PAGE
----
The Portsmouth Black History Month Film Festival will be officially opened by the University of Portsmouth’s Equality Champion, Professor Pal Ahluwalia, on Wednesday 4 October at the Eldon Building.

Supported by the University of Portsmouth Multicultural Staff Forum and Student Union and Film Hub South East is an exhibitor focused organisation formed in 2013 as part of the BFI Film Audience Network. Portsmouth Film Society presents its seventh Black History Month Festival season of films. PFS presents the work of four special films in the Eldon Building, Middle Street, Southsea during October.

Last year’s blockbuster Hollywood film Hidden Figures will open the festival at a special event that will also be attended by the Lord Mayor of Portsmouth and other dignitaries.

Hidden Figures recounts the lives of a group of African-American female mathematicians who served as the brains behind the launch of astronaut John Glenn into orbit.

The next film, Loving, celebrates real-life courage of a couple who challenged the law against inter-racial marriage in 1967 Caroline County, Virginia. This will be screened on 12 October.

I am Not Your Negro is a 2016 documentary film directed by Raoul Peck, based on James Baldwin’s unfinished manuscript, Remember This House. The film explores the history of racism in the United States through Baldwin’s reminiscences of civil rights leader Medgar Evers, Malcolm X and Martin Luther King, Jr, as well as his personal observations of American history. It was nominated for Best Documentary Feature at the 89th Academy Awards and will be shown on 19 October. Introduction talk from Priscilla Igwe, the director of The New Black Film Collective, London.

A United Kingdom is a film based on a true story of the marriage between Seretse Khama, the King of Botswana, to a London office worker, Ruth Williams, which had consequences that went far into the diplomatic relationship between the two countries. We have a guest speaker from PRENO (Portsmouth Race Equality Network Organisation)

This film will close the season following a talk by Selena Carty, founder of Black Poppy Rose, at a free public lecture on 25 October to mark the contribution of black soldiers in the world wars. Details of the free lecture can be found on

“I’m delighted to support the festival which seeks to highlight equality issues that are very important to a university like Portsmouth as we strengthen our position in the global market,” said Professor Ahluwalia.

Price of entry is £6.00 tickets can be purchased prior to the event on the website or at the box office, Room 1.10 Eldon Building, Middle Street Southsea. A Portsmouth Film Society Season Pass is £20 per season and a three film passcard £12.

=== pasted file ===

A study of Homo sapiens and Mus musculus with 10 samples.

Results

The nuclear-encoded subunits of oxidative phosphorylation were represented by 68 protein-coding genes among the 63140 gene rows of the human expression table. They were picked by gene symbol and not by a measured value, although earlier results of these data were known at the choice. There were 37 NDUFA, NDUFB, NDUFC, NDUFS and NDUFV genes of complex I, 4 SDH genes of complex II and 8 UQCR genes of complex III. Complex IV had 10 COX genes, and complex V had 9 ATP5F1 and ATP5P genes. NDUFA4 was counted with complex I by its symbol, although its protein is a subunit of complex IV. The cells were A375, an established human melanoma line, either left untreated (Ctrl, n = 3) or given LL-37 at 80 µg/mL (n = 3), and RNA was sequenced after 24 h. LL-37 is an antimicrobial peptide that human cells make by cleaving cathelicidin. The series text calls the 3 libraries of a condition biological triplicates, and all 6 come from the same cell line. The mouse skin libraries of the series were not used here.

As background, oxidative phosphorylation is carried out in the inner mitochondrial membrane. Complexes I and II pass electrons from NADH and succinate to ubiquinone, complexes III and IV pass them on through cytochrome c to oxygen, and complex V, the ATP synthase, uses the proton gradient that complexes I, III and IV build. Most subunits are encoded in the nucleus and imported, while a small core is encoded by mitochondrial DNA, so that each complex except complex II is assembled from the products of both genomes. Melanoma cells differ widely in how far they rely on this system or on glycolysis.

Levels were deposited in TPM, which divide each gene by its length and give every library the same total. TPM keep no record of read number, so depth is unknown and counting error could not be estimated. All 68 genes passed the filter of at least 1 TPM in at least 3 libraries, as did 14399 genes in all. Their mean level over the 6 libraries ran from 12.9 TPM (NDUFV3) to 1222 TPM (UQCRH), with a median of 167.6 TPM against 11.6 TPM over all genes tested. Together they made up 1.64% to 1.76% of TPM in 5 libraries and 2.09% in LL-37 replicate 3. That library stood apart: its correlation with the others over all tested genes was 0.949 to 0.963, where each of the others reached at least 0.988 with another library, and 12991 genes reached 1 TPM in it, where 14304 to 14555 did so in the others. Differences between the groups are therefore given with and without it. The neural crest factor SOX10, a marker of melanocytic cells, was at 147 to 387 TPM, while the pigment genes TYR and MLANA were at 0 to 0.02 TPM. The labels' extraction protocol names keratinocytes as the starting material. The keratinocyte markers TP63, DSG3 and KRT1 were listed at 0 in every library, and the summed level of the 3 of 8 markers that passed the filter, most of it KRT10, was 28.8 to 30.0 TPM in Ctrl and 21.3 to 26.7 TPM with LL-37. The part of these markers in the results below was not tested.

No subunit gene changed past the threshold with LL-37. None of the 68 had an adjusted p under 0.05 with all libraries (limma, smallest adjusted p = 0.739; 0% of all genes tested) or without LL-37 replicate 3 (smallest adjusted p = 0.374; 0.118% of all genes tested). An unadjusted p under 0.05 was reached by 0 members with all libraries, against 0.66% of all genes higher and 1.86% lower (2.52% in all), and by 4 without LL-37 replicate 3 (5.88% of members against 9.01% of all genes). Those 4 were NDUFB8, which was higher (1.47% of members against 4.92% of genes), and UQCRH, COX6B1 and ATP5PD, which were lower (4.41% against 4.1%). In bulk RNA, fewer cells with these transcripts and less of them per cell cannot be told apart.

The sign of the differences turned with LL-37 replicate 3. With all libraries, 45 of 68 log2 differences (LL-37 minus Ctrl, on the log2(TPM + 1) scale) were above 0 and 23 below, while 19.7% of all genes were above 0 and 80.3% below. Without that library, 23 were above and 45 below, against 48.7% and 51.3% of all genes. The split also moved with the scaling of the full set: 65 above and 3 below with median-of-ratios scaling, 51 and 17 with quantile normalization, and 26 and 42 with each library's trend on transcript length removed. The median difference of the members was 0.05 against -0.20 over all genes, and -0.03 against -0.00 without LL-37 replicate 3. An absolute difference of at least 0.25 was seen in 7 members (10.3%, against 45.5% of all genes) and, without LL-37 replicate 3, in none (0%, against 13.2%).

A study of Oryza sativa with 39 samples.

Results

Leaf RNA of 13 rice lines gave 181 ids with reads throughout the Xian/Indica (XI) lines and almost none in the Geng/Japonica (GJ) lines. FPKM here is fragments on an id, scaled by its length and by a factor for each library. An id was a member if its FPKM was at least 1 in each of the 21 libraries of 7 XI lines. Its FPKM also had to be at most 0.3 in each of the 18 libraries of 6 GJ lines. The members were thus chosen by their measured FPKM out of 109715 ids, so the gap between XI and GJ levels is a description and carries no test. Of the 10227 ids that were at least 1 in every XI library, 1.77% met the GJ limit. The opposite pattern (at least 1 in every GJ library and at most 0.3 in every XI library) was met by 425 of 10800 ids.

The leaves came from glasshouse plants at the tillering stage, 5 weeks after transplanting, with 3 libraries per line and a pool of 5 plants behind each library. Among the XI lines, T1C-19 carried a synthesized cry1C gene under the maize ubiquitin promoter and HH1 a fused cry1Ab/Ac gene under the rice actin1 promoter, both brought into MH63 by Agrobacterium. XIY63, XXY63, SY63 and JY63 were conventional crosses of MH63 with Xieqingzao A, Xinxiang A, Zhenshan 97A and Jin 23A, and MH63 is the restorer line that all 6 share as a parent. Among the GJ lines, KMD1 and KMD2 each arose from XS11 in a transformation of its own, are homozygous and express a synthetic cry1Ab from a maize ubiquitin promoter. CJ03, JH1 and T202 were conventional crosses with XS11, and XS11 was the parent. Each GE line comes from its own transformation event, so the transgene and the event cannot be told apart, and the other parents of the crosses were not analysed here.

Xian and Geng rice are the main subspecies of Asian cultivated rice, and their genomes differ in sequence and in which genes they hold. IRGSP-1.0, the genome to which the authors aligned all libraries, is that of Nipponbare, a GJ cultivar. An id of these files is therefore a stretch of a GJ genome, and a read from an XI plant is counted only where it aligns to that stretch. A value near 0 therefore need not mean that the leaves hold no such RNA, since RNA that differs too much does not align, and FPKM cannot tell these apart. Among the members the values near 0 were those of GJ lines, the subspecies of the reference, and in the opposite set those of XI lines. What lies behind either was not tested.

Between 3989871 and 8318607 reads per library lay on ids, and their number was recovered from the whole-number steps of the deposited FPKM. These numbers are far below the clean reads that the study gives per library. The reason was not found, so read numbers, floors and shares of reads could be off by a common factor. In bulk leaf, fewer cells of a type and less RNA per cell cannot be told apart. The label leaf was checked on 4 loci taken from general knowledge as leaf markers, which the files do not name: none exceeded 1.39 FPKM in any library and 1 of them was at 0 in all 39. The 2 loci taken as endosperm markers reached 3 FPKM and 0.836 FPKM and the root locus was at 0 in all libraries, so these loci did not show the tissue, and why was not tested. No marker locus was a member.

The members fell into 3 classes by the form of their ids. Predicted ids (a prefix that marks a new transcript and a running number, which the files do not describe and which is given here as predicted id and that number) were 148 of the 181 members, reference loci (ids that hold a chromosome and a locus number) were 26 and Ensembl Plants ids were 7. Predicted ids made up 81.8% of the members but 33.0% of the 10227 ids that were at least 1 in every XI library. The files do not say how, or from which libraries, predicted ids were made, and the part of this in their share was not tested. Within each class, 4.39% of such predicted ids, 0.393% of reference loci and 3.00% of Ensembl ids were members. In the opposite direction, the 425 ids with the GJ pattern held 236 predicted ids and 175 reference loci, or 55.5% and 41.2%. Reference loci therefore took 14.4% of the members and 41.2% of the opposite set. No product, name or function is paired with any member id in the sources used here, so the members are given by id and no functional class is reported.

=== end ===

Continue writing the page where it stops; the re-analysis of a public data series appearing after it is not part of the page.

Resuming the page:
Wednesday 4 October, 7pm | 127min | PG | USA | 2016

As the United States raced against Russia to put a man in space, NASA found untapped talent in a group of African- American female mathematicians that served as the brains behind one of the greatest operations in U.S. history. Based on unbelievable true life stories, we follow them as they quickly rise through the ranks of NASA specially tasked with calculating the momentous launch of astronaut John Glenn into orbit and guaranteeing his safe return.

The festival launch event will start at 6:15 pm with an introductory talk by Pal Ahluwalia, Equality Champion at the University of Portsmouth.


Thursday 12 October, 7pm 120min | 12A | USA | 2016

Loving celebrates the real-life courage and commitment of an interracial couple, Richard and Mildred Loving, who married and then spent the next nine years ghting for the right to live as a family in their hometown. Loving takes an understated approach to telling a painful – and still relevant – real-life tale, with sensitive performances breathing additional life into a superlative historical drama.


Wednesday 18 October, 7pm 120min | 12 | USA | 2016

Narrated by Samuel L. Jackson and with unprecedented access to James Baldwin’s original work. A radical narration about race in America that tracks the lives and assassinations of Baldwin’s friends, Martin Luther King Jr., Malcolm X and Medgar Evers. Introduction talk from Priscilla Igwe, Director of The New Black Film Collective, London.


Wednesday 25 October, 7:30pm 111min | PG | UK | 2016

 In 1947, Seretse Khama, the King of Botswana, met Ruth Williams, a London of ce worker. Their proposed marriage was challenged not only by their families but by the British and South African governments. South Africa threatened the British: either thwart the couple or be denied access to South African uranium and gold and face the risk of South Africa invading Botswana. We have a guest speaker from PRENO (Portsmouth Race Equality Network Organisation).